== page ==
What Makes Dutch Kickboxing Different From Other Striking Arts?
Think of kickboxing first. Then add lethal low kicks and heavy hands. Drop in spinning back fists, explosive power, and non-stop aggression.
What you get is Dutch kickboxing, one of the most popular striking arts from one of the smallest regions in the world.
The martial art was made popular in the 1990s and 2000s, when out of 19 Kickboxing World Grand Prix Championships, the Dutch produced 15 titleholders.
But what separates Dutch kickboxing from other stand-up martial arts? Is it the style? Is it the training? Is it the philosophy? Or is it a mix of all three?
The Beginning Of Dutch Kickboxing
Kickboxing in the Netherlands started in the 1970s after Dutchmen traveled to Japan to learn Japanese kickboxing, which was a mix of Kyokushin karate and Muay Thai.
When the Dutch returned home, they began teaching what they learned in “The Land Of The Rising Sun.”
Over the years, they further refined the style by incorporating more Muay Thai and Western boxing techniques. What emerged was the Dutch kickboxing style.
Dutch Kickboxing Style
Dutch kickboxing, unlike American kickboxing, incorporates techniques from three martial arts: Kyokushin karate, Western boxing, and Muay Thai.
Athletes schooled in the martial art of the Netherlands use Kyokushin-style kicks to the legs, head, and body to attack their opponents. This differs from the western variant, where kickboxers are not allowed to kick below the waist.
When most people think of kickboxing, they think of kicks. However, the Dutch have a strong reputation for mixing boxing into their art form as well. They use punching combinations to create holes in their opponent’s defense and follow in for explosive finishes.
Dutch martial artists also use techniques from Muay Thai. Jumping knees and front kicks are some of the most fearsome strikes they possess.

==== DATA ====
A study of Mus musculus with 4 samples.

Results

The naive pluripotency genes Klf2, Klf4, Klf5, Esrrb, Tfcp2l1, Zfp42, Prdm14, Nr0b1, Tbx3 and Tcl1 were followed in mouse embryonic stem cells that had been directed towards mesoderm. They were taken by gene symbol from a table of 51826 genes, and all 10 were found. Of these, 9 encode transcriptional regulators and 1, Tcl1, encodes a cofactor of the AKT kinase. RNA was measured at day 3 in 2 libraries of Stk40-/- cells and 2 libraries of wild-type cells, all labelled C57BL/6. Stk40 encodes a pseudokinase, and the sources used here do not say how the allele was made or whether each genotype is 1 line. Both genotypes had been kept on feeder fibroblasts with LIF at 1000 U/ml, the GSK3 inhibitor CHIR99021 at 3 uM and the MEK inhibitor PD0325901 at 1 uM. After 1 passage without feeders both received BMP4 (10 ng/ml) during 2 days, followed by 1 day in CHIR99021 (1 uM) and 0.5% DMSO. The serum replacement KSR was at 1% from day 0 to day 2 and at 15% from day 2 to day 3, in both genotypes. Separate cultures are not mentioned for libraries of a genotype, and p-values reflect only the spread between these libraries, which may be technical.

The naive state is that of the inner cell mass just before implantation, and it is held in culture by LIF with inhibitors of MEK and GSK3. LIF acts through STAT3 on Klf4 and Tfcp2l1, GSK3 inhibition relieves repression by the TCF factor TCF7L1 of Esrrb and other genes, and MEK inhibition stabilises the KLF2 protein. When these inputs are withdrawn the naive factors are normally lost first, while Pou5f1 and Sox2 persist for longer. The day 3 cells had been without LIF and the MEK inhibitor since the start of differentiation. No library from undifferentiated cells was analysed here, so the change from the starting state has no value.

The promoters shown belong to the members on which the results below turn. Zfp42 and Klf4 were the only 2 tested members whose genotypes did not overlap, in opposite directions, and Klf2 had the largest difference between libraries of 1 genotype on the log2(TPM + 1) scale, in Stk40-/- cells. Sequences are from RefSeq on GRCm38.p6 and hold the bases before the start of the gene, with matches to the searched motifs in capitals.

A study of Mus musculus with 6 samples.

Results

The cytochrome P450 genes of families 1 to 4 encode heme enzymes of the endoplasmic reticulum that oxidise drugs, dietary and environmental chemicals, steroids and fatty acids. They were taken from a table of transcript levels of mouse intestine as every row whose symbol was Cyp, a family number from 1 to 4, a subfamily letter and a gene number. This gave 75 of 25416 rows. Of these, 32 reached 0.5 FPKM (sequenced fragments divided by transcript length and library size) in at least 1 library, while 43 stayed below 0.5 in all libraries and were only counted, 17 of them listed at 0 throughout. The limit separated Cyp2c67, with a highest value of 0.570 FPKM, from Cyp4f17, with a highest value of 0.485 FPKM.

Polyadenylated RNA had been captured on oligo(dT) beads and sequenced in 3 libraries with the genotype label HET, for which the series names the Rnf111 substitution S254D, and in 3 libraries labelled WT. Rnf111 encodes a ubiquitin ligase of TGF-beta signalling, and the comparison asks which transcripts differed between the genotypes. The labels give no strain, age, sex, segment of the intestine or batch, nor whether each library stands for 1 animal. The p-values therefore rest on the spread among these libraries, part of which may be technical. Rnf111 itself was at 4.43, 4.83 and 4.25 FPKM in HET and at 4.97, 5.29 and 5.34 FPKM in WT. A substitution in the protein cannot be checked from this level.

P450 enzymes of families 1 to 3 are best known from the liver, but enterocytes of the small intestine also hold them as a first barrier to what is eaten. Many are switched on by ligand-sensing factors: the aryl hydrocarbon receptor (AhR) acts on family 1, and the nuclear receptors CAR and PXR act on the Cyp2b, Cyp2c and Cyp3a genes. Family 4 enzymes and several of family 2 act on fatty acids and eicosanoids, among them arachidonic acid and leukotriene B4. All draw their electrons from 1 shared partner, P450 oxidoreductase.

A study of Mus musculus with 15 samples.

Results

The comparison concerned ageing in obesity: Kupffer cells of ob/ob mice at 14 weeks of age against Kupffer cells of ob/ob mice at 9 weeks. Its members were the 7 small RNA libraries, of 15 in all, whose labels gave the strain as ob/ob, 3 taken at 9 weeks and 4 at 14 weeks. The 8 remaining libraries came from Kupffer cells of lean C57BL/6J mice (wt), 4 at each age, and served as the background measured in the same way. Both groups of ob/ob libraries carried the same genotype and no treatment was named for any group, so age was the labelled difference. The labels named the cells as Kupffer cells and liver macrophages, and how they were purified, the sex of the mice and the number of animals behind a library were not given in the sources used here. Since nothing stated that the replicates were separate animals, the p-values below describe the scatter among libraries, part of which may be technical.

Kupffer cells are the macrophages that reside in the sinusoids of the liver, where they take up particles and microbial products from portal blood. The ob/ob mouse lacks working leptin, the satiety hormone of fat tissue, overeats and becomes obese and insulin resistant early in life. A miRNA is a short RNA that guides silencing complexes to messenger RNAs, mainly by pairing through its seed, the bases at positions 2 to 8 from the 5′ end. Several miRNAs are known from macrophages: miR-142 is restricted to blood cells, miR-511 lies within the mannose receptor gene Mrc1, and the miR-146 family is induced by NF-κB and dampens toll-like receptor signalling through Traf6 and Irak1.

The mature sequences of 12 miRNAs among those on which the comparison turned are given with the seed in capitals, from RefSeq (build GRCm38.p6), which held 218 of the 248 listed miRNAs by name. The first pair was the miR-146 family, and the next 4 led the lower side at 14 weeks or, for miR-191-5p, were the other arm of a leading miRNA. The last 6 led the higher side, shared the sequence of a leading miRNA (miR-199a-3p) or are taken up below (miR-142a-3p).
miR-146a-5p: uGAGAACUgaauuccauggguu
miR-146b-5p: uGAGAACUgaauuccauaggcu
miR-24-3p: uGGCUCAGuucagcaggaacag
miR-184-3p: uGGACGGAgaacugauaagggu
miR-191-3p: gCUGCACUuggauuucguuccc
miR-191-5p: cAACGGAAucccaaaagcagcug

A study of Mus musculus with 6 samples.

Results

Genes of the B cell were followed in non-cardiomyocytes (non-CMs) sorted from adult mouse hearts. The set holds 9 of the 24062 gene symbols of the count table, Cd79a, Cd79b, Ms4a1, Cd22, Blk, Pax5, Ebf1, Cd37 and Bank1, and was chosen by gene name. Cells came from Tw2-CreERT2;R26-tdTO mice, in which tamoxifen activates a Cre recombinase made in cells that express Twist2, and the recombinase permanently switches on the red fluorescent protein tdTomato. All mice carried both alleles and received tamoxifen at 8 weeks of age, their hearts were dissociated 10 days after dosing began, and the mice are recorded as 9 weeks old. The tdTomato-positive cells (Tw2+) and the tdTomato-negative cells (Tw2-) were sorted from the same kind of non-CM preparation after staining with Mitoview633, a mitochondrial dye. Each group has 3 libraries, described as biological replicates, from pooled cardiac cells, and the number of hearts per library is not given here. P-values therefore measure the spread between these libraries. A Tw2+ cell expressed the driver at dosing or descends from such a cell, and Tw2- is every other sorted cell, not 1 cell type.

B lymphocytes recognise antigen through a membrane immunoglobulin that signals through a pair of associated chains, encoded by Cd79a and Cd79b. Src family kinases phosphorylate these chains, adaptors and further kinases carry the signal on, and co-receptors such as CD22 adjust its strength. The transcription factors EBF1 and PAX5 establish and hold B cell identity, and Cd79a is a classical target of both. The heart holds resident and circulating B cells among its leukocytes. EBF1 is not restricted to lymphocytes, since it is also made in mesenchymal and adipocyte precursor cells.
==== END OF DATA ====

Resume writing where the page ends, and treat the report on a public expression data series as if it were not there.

The way the Dutch have incorporated these three arts into their kickboxing is what separates their style from other forms of stand-up combat. That is not the only thing, however.
Training Like A Netherlander
Training also separates Dutch kickboxing from other kickboxing styles.
Although they incorporate a lot of Muay Thai techniques into their skill set, they typically spar harder than the Thais. Thais call their sparring len cheng, or play sparring. But the Dutch prepare for their bouts with a little more oomph and aren’t afraid to turn things up.
Because they go harder than usual during training and sparring sessions, this makes Dutch kickboxers some of the more calloused martial artists in the world.
Also, as opposed to Thai boxers, who work a variety of drills on the pads with their trainers, Dutch kickboxers often repeat the same drills over and over again. These drills can be up to six techniques long – sometimes more – and help practitioners internalize their skills.
Dutch Kickboxing Philosophy
Most traditional martial arts have a philosophy behind them.
In Muay Thai, for example, nak muay mix customs into their training and competition. But kickboxing from the Netherlands does not have an overarching philosophy.
The same way Dutch kickboxing is an amalgamation of striking arts, the philosophy of the sport is a combination of personal beliefs. However, at the core of that thinking, only one thing is certain for students of the game – “if it ain’t Dutch, it ain’t much.”
Fans all across the globe will be able to see this beautiful art form on full display when ONE Lightweight Kickboxing World Champion Regian “The Immortal” Eersel defends his crown against Holzken in the co-main event of ONE: DAWN OF VALOR in the Indonesian capital on Friday, 25 October.